India's search for a No. 4 batsman: Why Shreyas Iyer would be a good fit
The Number 4 position in one-day cricket is a tricky one. It marks the end of the top order and the beginning of the middle order. Someone batting at two-down could find himself in at 5-2 when the ball is still new, or when the score is 160-2 after say 30 overs.
The No. 4 batsman needs to be technically sound, have good judgement and also have the ability to rotate the strike well during the middle overs or the second power play. He should act as an accumulator while also being aggressive.
In short, he is supposed to take very little time to settle down and get the team going, needs to be flexible and should have the temperament to bat according to the situation. The demands for the position are quite big.
India has had various greats at Number 4 during the past 20 years - Mohammed Azharuddin essayed the role a few times and so did Ajay Jadeja. Sourav Ganguly did bat at No. 4 quite a few times after Virender Sehwag was promoted to open.
Sachin Tendulkar too batted at No. 4 on occasion, even though the entire country knew that he was better off opening the batting. Rahul Dravid and VVS Laxman were experts against spin and medium pacers and were deemed to be very successful.
Those were the days when the first 15 overs provided a license for the openers to maximize the benefits of the fielding restrictions by going for big hits. Also, the use of a single ball throughout the innings meant that wear and turn and reverse swing towards the end of the innings were more pronounced. The overall strategy was different; scores in excess of 350 were absolute rarities, and 280-300 was usually considered enough.
As the rules changed and the ICC experimented with Super Sub, multiple powerplays, powerplays to be chosen by batting team and a change of ball after 34 overs, plans and strategies evolved accordingly. The concept of ‘floaters’ or batsmen who could bat anywhere from No. 3 to No. 7 and play according to the situation - a phrase which basically means can accelerate the scoring whenever required, came to the fore. It looked as though the No. 4 position was losing its importance.
More recent changes have resulted in a steady pattern of powerplays and two different balls being used from either end. This is believed to have affected the spinners to a certain extent as they get to operate with a ball only half as old as the innings. With shorter boundaries and docile pitches, the relevance of middle order batsmen has reduced further.
But the 2019 World Cup was a revelation of sorts as it turned around a lot of perceptions. It also revealed India’s big weakness in the middle order.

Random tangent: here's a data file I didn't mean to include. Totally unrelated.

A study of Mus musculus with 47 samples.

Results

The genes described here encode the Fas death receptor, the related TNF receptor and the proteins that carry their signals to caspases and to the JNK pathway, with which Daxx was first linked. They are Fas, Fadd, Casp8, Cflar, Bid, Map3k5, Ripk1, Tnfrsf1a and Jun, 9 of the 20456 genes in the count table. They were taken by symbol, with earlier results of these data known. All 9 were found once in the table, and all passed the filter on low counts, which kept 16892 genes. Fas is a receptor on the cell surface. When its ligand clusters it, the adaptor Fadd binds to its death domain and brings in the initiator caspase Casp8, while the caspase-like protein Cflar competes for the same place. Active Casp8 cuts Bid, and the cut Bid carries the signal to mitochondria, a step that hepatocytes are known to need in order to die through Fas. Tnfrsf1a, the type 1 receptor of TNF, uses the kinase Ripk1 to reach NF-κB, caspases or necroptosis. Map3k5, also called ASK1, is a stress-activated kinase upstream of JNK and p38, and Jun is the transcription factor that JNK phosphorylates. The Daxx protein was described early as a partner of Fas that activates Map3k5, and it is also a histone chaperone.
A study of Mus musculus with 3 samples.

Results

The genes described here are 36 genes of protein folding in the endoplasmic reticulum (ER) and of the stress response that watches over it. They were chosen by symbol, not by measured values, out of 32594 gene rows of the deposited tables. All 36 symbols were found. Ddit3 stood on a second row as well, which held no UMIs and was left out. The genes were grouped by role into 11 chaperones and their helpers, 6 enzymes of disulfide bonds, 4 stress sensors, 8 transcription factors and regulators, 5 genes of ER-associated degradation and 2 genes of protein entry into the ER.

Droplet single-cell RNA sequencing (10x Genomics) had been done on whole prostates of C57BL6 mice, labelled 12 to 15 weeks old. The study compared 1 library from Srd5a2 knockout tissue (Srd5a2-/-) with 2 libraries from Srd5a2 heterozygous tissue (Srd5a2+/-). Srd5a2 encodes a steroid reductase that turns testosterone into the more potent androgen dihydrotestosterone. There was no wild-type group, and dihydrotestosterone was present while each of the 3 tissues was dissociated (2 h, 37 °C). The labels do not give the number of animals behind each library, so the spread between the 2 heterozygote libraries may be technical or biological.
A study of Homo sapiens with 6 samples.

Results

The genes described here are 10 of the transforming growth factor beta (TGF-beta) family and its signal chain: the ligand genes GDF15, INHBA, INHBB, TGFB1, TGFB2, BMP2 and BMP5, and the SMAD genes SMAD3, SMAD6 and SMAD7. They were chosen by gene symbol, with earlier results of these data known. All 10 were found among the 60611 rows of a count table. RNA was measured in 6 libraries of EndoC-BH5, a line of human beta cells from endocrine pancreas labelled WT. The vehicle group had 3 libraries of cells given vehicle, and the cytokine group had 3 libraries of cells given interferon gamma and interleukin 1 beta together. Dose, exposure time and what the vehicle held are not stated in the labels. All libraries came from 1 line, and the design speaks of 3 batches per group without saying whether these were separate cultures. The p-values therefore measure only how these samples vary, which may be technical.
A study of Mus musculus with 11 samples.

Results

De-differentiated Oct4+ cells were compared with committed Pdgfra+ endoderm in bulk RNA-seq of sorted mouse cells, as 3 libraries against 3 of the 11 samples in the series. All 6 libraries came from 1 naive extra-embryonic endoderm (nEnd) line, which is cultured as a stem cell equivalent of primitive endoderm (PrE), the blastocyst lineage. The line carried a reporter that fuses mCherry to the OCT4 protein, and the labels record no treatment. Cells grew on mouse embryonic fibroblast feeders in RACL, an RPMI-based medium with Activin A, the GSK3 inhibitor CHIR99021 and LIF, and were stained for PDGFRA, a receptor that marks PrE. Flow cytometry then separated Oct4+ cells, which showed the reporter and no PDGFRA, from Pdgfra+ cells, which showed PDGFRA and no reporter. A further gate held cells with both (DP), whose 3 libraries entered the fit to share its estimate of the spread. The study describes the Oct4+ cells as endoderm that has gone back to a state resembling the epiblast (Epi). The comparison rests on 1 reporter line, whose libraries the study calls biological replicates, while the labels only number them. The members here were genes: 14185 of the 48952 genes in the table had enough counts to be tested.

The pitches in England were thought to be favorable to batting and even 400 plus scores were believed to be possible on a regular basis. What actually happened was totally different - 300 proved to be defensible. Whether that was because of the rain or because the pitches were prepared so is a separate discussion for another day.
India tried KL Rahul, Vijay Shankar and Rishabh Pant at No. 4 in the World Cup. Rahul and Shankar could not continue there because of injuries to others/themselves, but Pant showed promise - although it remains to be seen whether he can curb his natural instincts and bat for long periods.
After the semifinal loss to New Zealand, Ravi Shastri came out in the open and said a good No. 4 batsman was missed. So the question has to be asked: what were the team management, the support staff and the selectors doing before the World Cup, when there were ample opportunities for testing players out?
Ambati Rayudu was widely expected to bat at No. 4 in the World Cup but he fell out of favor before the tournament and Vijay Shankar / KL Rahul were asked to bat there instead. Rahul showed promise but the injury to Shikhar Dhawan meant that he had to open, and Shankar came in.
During his 41-ball 29 against Afghanistan, Shankar looked comfortable at the crease. And while his shot selection was questioned, it was conveniently forgotten that he also needs time to settle down into a batting slot and that the World Cup was not an ideal tournament for such trials.
India’s strong top order and Rohit Sharma’s form covered up most of the middle order issues but it was in the semifinal that the team was really exposed for the first and sadly the last time in the tournament. Sure, the Indians batted on the reserve day on a pitch which looked more vicious compared to the previous day, but that was just an excuse - something that champion sides should not have room for.
Now that the selectors are looking towards the future, Shreyas Iyer seems to be one of the front-runners for the No. 4 batting slot and appears to be a safe bet. He has scored heavily in IPL, Ranji Trophy and in List A cricket too. Though he might be vulnerable at first on bowling-friendly surfaces, the fact that he has age and time to correct his flaws means that he could well turn into a dependable batsman.
Iyer averages more than 50 in first-class matches and more than 40 in List A - which are impressive numbers by any standard.
Above all, he has showcased his leadership skills quite a few times for various teams, including Delhi Capitals in the IPL. While MS Dhoni appears to be at the fag end of his career, Rohit Sharma and Virat Kohli are likely to lead the team across formats for a few more years to come. Grooming someone like Iyer, who could become an asset, would not be a bad idea.
Shankar could come back after he recovers from his injury and looks a better option at perhaps No. 5 with Hardik Pandya and Rishabh Pant to follow. There are a few others like Manish Pandey knocking on the door too.
Overall, a settled middle order with specialists at crucial positions would augur well for India.